How absurd to sue on the grounds of "false foreclosure practices, etc." Hey - if you don't make the mortgage payments, your house is going to be foreclosued on. It doesn't get any simpler than that.
If those that weren't really able to afford homes decided to lie on their applications, etc., it's sure not up to bhe banks to act as their nannies. The applicants thought they could afford the homes as long as the boom lasted but then found themselves underwater when the bust came. It's just ridiculous to blame the banks for that.
People can sue all they want but in the end, they are responsible for their own actions and if they once thought they could afford the mortgage but later couldn't, they have to stand the responsibility for their actions. And if foreclosure was the result, so be it. "False foreclosure practices" indeed.
Hey - if you buy an expensive car, don't make the monthly payments and it gets repossessed, would that be "false repossession?"
If as a renter you can't make the rent and are evicted, is it "false eviction?"
I can't see many judges sympathiing with the plight of those unable to really afford the mortgages that later got foreclosed-upon for nonpayment. Especially when they likely lied on their mortgage applications.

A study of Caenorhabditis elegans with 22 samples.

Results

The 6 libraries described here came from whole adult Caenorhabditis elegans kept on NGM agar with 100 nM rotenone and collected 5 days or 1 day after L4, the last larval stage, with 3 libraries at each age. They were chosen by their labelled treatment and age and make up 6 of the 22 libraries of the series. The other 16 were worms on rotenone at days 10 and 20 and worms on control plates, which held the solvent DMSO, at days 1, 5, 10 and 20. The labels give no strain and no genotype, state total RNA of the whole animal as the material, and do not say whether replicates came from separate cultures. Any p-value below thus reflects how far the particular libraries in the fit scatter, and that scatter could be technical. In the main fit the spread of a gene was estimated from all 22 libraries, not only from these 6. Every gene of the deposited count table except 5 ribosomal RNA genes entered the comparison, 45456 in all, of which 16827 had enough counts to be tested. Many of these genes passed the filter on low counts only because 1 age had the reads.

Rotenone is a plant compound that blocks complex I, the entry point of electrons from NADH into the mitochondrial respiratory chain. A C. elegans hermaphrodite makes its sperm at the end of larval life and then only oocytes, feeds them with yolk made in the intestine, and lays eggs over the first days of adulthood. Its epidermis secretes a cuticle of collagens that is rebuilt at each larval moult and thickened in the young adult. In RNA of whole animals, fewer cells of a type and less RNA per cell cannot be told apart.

As for BAC going down by 40% since March, my naked puts are such that it could go down by ANOTHER 40% from here in just the next two-and-a-half months and I would STILL walk away a winner.
On average, I have FOUR-strike naked puts and with the stock at %7.25, I don't need any massive recoveries in the stock. In fact, the stock could TANK (but not crash) and I still win. Obviously I wouldn't be in the naked puts if I really needed the stock to do anything good. All that I need is for the stock to avoid absolutely crashing and I certainly don't see that happening anytime soon.
Most of the lawsuits won't even go to trial until next year and it will be many many months after that until verdicts are reached. Verdicts that for the most part should be FAVORABLE to the company.
For years, less credit-worthy borrowers would complain about redlining, bank discrimination and such. So when the banks relaxed their policies at the direct request of the government, these borowers are hardly going to prevail by claiming unsuitability or "false foreclosure practices."
Banks - like landlords - expect to receive their payments and when they don't, they are going to take action. There's nothing "false" or "misleading" about that at all.